Crowd-pleasing pop charmers from Maroon 5, Khalil RamosBy Rito P. Asilo
Philippine Daily Inquirer
MANILA, Philippines – It’s hard not to get drawn to the youthful vibe and toe-tapping swagger of Jonathan Manalo and Rox Santos’ “Now We’re Together,” a hit-bound cut from Khalil Ramos’ self-titled debut album.
The “Pilipinas Got Talent” runner-up is only 16, but he’s getting his fair share of shrieks and squeals from the young and pubescent viewers of “Princess and I,” in which he plays one of Kathryn Bernardo’s trio of pretty-boy consorts.
Khalil’s first solo recording proves he doesn’t get by on his boy-next-door good looks alone. His covers of Jude Guitamondoc’s “One More Chance” and Arnold Reyes’ “Kung Ako Ba Siya”—both popularized by Piolo Pascual—are radio-friendly charmers devoid of schmaltzy excesses.
Other pleasing revivals: Soc Villanueva’s “Kung Ako Na Lang Sana” and an upbeat version of Vehnee Saturno’s “Simply Lang,” which is notable for its rallying pep.
Ramos’ voice doesn’t possess the steely polish of most talent tilt champs, but its finely tuned, fuller-and-older pop timber reveals a range that can expand further with more experience and judicious training. He has to watch out for his vibrato, though: While it adds character to his voice, it has the potential to distract from his carefully concocted renditions.
Even more rousing—and dance floor-dazzling—is “Overexposed,” the fourth album of Adam Levine’s hit-making quintet, Maroon 5.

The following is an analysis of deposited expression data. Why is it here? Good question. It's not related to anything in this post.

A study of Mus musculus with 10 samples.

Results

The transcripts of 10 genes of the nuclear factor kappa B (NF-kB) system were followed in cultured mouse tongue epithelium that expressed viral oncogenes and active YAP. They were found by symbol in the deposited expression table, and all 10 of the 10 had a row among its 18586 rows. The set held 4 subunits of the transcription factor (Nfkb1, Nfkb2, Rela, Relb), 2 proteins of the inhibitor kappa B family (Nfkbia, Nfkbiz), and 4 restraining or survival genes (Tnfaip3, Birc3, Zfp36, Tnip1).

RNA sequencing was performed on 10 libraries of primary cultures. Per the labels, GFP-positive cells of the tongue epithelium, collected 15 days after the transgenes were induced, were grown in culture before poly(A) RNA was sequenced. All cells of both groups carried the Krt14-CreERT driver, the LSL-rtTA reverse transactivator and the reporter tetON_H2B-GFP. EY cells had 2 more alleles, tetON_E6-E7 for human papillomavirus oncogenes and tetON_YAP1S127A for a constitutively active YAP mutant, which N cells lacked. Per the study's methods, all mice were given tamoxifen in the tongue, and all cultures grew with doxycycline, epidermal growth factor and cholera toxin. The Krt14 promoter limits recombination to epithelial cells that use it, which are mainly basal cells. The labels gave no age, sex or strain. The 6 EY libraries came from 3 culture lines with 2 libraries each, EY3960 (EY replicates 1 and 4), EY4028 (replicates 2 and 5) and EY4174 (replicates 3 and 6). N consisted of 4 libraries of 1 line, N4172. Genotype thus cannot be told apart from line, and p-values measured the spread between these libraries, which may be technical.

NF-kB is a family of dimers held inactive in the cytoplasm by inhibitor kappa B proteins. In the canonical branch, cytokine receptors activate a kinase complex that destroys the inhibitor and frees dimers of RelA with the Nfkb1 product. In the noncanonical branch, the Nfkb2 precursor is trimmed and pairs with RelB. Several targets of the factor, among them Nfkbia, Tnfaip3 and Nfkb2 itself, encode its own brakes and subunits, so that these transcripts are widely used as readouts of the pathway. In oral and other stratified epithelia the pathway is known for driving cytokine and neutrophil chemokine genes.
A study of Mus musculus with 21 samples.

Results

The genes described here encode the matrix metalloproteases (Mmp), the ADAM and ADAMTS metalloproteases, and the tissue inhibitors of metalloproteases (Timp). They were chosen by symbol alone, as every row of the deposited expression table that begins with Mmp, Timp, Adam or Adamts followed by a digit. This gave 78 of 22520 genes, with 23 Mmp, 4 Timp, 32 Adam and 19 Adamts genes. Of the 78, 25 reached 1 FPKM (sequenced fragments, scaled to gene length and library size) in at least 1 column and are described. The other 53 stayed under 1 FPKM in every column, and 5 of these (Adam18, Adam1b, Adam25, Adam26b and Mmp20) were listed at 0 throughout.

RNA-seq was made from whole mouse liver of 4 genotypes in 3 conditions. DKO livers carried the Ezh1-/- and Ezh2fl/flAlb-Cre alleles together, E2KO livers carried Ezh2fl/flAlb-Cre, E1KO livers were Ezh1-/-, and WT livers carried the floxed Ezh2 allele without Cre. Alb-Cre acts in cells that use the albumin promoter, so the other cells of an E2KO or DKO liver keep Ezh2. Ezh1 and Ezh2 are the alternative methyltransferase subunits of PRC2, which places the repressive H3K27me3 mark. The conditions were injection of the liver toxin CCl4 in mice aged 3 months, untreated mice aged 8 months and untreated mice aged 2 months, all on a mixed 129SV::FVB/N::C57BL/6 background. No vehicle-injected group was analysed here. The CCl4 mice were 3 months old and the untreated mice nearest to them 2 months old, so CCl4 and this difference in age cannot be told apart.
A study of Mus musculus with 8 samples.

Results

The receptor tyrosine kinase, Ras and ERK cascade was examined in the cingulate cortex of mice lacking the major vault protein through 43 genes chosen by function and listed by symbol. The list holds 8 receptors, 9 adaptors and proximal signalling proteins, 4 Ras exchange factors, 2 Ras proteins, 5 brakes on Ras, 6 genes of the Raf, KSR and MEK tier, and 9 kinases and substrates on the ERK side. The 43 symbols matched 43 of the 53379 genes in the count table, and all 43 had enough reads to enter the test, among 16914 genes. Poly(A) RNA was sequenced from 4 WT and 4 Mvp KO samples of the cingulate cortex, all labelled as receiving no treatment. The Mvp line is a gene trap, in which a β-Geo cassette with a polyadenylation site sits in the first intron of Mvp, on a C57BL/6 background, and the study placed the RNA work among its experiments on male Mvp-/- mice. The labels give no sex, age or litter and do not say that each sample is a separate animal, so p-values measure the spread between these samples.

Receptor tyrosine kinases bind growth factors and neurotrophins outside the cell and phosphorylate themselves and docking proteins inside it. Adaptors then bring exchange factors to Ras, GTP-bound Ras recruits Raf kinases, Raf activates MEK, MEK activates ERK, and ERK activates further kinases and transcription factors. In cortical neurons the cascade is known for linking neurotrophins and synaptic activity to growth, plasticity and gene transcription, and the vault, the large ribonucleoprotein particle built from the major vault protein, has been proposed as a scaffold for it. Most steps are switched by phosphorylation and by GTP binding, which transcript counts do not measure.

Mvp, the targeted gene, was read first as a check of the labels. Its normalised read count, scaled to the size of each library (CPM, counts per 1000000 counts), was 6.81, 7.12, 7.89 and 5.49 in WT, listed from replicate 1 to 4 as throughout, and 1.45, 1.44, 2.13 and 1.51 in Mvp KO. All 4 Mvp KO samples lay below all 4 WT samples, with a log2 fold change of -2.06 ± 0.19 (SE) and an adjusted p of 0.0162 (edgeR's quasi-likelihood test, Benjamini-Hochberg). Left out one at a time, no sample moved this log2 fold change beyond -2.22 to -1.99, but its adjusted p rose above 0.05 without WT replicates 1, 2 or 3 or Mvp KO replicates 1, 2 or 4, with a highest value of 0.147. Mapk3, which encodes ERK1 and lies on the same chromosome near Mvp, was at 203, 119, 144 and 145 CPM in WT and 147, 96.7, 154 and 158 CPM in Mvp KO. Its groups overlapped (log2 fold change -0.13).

If you haven’t had your fill of the unshakable grooves of “Moves Like Jagger,” “Misery” and “Give A Little More” (from 2010’s “Hands All Over”)—not to mention the refreshing covers of Alicia Keys’ “If I Ain’t Got You” and Queen’s “Crazy Little Thing Called Love”— you’ll have more pop-coated treats with unrelenting beats to shimmy to in the group’s latest collection, headlined by the ubiquitous “Payphone” (with Wiz Khalifa) and the reggae-rolling second single, “One More Night.”
Yes, the genre-bending quintet (PJ Morton fills in for Jesse Car-michael, who’s on hiatus) has gone unapologetically pop, waxing one hit-making tune after another: “Lucky Strike” packs as much punch (and pulsating beats) as the techno-driven “Tickets,” the synth-fueled “Doin’ Dirt” and “Love Somebody.” But, if you’re partial to light rock and ballads, “Daylight” and “Sad” will whet your appetite.
Watch out also for James Valentine, Michael Madden and Levine’s “Ladykiller”—which pulls a surprise that’s too adorably idiosyncratic to miss!